Last week's policy announcement by the ECB and Mr. Draghi's plea to EU politicians to deliver a fiscal boost, indicate that we're living in extraordinary economic times.
Data on Friday showed that German producer price inflation is now in free-fall.
Markets will be hyper-sensitive to U.K. data releases following the MPC's warning that it is on the verge of raising interest rates.
Yesterday's German IFO survey broadly confirmed the bullish message from the PMIs earlier this week. The headline business climate index rose to 111.0 in February from a revised 109.9 in January, boosted by increases in both the current assessment and the expectations index.
December's labour market report, released today, won't be a game-changer for the near-term outlook for interest rates; January data will be released before the MPC meets in March, and February data will be available at its key meeting in May.
Signs that Easter trading was unusually poor lead us to anticipate a downside surprise from today's retail sales data for March. The BRC's Retail Sales Monitor, which surveys companies that account for 60% of total retail sales, was remarkably weak in March.
At first glance, the U.K. consumer price data show a perplexing absence of domestically generated inflation.
Japan's Q1 is coming more sharply into focus.
We already know that the month-to-month movements in the key labor market components of the December NFIB small business survey were mixed; the data were released last week, ahead the official employment report, as usual.
The PBoC cut the Reserve Requirement Ratio late on Friday--as signalled at last Wednesday's State Council meeting--by 0.5 percentage points, to be implemented from September 16.
We are sticking to our call for a weak first half in Japan, despite likely upgrades to Q1 GDP on Monday.
China's National People's Congress is set to convene its annual meeting next week.
The MPC took an unprecedented step last week to pave the way for an interest rate rise.
China's industrial profits data for December showed continued weakness in the sector, with no clear signs that a turnaround is in the offing.
No subject in the EZ economy is a source of more dispute than Germany's ballooning current account surplus. The Economist recently identified he German surplus as a problem for the world economy.
Yesterday's industrial production numbers in Germany were similar to Friday's confusing new orders data.
The sudden jump in the headline, three-month average, growth rate of average weekly wages to a 10-year high of 3.3% in October, from just 2.4% four months earlier, might indicate that the U.K. has reached the sharply upward-sloping part of the Phillips Curve.
GDP growth in Japan surprised to the upside in the second quarter, although the preliminary headline arguably flattered the economy's actual performance.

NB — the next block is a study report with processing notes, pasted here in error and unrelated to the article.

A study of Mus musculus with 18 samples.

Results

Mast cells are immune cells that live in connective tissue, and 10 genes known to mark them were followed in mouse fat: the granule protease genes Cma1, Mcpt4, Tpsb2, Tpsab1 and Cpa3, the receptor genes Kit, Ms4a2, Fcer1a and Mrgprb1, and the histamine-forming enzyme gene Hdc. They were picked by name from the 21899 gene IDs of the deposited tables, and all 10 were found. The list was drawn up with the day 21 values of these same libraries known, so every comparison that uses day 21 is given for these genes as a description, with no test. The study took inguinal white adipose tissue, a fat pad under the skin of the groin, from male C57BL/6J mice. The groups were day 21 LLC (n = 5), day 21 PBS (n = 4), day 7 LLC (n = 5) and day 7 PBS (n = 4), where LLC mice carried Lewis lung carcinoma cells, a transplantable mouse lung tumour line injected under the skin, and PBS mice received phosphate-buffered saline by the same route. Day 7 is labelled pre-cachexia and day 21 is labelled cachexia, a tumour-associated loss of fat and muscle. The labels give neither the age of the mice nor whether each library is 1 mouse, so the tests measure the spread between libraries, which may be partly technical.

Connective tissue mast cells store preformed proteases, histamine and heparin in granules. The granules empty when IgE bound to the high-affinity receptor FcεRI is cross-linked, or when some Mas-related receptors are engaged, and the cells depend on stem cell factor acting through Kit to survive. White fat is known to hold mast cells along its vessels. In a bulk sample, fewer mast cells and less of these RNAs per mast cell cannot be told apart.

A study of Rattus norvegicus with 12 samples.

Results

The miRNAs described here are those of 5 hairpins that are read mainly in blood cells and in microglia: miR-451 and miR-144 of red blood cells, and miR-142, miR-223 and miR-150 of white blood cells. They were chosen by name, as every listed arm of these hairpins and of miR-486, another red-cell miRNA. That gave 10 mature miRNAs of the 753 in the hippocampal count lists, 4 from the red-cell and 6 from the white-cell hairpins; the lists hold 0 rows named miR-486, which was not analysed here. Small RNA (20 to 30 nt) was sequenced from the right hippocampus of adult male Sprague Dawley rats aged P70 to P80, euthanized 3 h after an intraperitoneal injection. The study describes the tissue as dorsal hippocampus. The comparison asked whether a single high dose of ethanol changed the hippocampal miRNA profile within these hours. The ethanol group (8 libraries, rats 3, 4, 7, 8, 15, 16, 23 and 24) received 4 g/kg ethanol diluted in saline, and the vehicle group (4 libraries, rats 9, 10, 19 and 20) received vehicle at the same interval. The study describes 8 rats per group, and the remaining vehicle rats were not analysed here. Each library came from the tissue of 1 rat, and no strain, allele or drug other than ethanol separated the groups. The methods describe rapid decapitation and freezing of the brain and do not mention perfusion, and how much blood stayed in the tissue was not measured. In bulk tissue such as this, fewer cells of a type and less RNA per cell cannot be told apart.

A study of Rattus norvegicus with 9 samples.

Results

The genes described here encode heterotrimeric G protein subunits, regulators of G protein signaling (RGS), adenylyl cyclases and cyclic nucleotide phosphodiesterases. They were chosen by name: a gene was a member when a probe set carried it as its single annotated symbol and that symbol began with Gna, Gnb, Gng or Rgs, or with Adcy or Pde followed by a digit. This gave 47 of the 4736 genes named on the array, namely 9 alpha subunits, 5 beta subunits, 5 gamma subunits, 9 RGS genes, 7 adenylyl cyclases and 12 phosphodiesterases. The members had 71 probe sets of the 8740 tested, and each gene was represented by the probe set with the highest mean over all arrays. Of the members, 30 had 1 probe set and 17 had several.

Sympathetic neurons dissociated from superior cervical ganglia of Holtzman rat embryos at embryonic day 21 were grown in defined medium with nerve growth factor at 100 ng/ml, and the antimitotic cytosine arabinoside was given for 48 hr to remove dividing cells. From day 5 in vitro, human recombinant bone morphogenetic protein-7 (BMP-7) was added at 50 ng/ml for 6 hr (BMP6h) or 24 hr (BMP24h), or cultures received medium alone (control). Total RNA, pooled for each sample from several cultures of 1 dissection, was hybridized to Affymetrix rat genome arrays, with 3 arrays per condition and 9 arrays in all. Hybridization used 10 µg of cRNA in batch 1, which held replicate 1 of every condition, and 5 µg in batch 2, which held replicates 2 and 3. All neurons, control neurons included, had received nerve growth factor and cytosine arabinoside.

China's October foreign trade headlines beat expectations, but the year-over-year numbers remain grim, with imports falling 6.4%, only a modest improvement from the 8.5% tumble in September.
The MPC surprised nobody yesterday by voting unanimously to keep Bank Rate at 0.75% and to maintain the stocks of gilt and corporate bond purchases at £435B and £10B, respectively.
The MPC almost certainly will keep interest rates on hold today and likely won't give a strong steer on the outlook for policy in the minutes of its meeting, which are released at mid-day. On the whole, surveys of economic activity have been weak, indicating that GDP growth has slowed sharply in the second quarter.
The 253K increase in May private payrolls reported by ADP yesterday was some a bit stronger than our 225K forecast. Plugging the difference between these numbers into our payroll model generates our 210K forecast for today's official number.
Experimental figures, released earlier this week, suggest that wages have increased at a faster rate than indicated by the average weekly earnings--AWE--data.
The U.S. and Eurozone economies differ in many ways, but for economists, the biggest contrast is between the two regions' labour market data.
Officially, Japanese wages have been falling year- over-year since January, marking a break from the gradual acceleration over the past 18 or so months.
It is often argued that the average weekly earnings--AWE--figures exaggerate the severity of the squeeze on households' incomes.
Japan's average monthly labour earnings growth tumbled to 0.9% year-over-year in August, from 1.6% in July. This is not a disaster.
Investors kicked expectations for the first rise in official interest rates even further into the future when last month's labour market data, revealing a sharp fall in wage growth, were released. But a closer look at the official figures reveals that labour cost pressures have remained robust, cautioning against making a snap reaction if even weaker wage data are released on Wednesday.